Reflecting on the Lowens-Libraries Fellowship Program


by: Sonja Pinto, M.A., Lowens-Libraries Fellow

Before receiving a Peter and Ana Lowens University of Victoria Libraries Special Collections Student Fellowship, my academic research process followed a predictable pattern shaped by word counts, research prompts, degree requirements, and course reading lists. This research generally culminated in a three-to-five-thousand-word research paper to be read by the professor and, if I was lucky, the submission committee of an academic journal. Even when I took classes on subjects with which I was completely unfamiliar, I could still reliably expect to write a research essay with familiar conventions and structural signatures that suggested to me the kind of output that I should produce. And, further, the course’s learning outcomes guided the kinds of research questions that I proposed.

While these criteria and formats are helpful and practical in the classroom, opportunities to pursue original research and in non-traditional output modes can be rare as an undergraduate and even as a graduate student. The Fellowship provided me with an opportunity to undertake a project of my own creation and direction. This program challenged me to ask how I could use the skills I learned in the classroom and apply them to a project with no syllabus, no required readings, and few output parameters. I had only my own curiosity and the end goal of presenting research about an object in UVic’s Special Collections to a public audience. My cohort, the first ever group of Lowens-Libraries Fellowship recipients, also set the precedent for what kinds of projects this fellowship will produce going forward.

Though I had worked with some of the library’s collections and archives in past research projects, I had never worked on a project where I could direct its scope, topic, and output with complete control—even my master’s thesis had recommended word counts and other necessary guidelines to follow! The creative freedom and lack of direct examples on which to base my work in the Lowens-Libraries Fellowship presented me with an unusual and exhilarating chance to form a project from scratch and to challenge myself to apply my years of study in English Literature classrooms to a new context.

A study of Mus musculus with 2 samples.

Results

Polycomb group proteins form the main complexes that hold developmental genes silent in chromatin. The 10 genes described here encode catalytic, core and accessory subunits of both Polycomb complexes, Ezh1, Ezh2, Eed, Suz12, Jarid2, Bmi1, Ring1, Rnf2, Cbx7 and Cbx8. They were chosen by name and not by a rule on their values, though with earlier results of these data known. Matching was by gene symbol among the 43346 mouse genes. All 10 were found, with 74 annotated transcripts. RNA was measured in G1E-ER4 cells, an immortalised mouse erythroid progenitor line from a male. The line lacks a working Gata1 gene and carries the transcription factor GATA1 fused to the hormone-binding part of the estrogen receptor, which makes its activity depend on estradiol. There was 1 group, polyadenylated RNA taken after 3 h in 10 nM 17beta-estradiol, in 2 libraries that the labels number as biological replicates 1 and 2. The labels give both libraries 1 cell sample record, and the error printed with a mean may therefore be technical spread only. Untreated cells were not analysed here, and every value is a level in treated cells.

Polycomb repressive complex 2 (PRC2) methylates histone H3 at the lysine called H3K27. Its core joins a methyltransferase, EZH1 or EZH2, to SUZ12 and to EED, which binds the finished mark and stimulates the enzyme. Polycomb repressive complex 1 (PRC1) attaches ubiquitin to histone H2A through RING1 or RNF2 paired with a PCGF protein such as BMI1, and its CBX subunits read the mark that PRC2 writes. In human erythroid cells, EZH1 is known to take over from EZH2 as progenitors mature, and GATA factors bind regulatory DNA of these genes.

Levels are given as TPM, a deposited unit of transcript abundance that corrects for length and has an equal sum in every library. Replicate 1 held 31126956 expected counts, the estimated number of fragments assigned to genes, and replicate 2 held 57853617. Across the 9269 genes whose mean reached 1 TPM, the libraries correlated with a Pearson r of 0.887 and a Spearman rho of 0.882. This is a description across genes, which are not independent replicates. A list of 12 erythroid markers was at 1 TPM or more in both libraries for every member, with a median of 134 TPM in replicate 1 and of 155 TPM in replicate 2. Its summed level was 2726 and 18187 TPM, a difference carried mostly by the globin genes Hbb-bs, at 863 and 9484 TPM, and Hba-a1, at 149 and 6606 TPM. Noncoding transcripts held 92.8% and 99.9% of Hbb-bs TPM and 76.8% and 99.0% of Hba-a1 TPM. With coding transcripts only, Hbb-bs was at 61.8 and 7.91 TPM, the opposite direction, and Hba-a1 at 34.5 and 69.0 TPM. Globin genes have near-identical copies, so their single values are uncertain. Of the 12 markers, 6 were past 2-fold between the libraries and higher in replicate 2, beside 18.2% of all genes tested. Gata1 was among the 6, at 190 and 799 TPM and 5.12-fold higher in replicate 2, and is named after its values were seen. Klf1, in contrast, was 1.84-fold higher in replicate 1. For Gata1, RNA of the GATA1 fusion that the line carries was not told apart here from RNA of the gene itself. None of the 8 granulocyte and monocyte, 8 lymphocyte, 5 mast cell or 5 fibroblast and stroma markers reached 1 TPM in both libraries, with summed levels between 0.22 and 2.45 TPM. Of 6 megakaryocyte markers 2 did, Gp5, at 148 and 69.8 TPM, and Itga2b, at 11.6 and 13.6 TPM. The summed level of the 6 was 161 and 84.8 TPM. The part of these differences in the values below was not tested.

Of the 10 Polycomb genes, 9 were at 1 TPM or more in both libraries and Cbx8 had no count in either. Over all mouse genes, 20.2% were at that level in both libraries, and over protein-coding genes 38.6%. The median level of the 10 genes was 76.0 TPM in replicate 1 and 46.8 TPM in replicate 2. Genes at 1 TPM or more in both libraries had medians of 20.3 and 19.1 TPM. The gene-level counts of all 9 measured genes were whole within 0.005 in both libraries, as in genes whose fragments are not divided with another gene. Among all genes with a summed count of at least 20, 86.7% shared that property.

The Fellowship workshop series provoked me to question my research and output methods. I pondered questions like what role do archival librarians have in the work I am doing? How was the book I am working with put together and with what materials was it made? How will I structure and organize the metadata I produce? What will my project look like visually, and how will it be accessible to a general audience? What kind of story am I telling about my chosen materials? These questions challenged me to pursue different paths in my research and expand my analytical skills.

Along with these questions, I drew on the knowledge and capabilities I had acquired while perfecting the research essay to examine and write about my chosen object, a copy of Long Ago (1897) by Michael Field. Many of the methods and practices that I would use for a typical research essay—such as close reading, summarizing existing scholarship, and practicing careful research hygiene—helped me prepare my fellowship project. I also spent hours leafing through archival and digital material, scanning pages from my chosen material, and speaking with library staff about the origins and acquisition of my chosen object.


Yet I also performed several tasks that aren’t required in a typical research project. I consulted acquisition catalogues, emailed libraries with rare items related to mine, determined the type of paper used to create my chosen book, and problem-solved HTML glitches as I created my digital exhibit. I uploaded scans to a digital platform called Omeka and created metadata to describe them as digital objects. I combed through letters and diaries in my research and followed leads based on the information I found in UVic Special Collections. I thought about how and why my chosen book had even ended up at UVic in the first place. These tasks and questions tested and ultimately enhanced my research abilities by allowing me to take risks and uncover information that I may not have otherwise pursued.

The objects in UVic Special Collections have rich backstories, literary and historical intrigue, and fascinating provenance. Many of these items are unique, one-of-a-kind objects with near-endless research possibilities. My work on the Lowens Fellowship project, and the outstanding work of my peers, demonstrates that it only takes a curious student to unearth the treasures hiding in the shelves of UVic’s library collections. You can find this year’s projects online.

Sonja Pinto was part of the first cohort of student fellows in the Peter and Ana Lowens University of Victoria Libraries Special Collections Student Fellowship Program at UVic Libraries. Pinto recently completed their MA in English at the University of Victoria where they also completed their BA (English Honours) in 2020. During their time at UVic, they have worked as a Research Assistant for Digital Victorian Periodical Poetry and as a Teaching Assistant in the Department of English.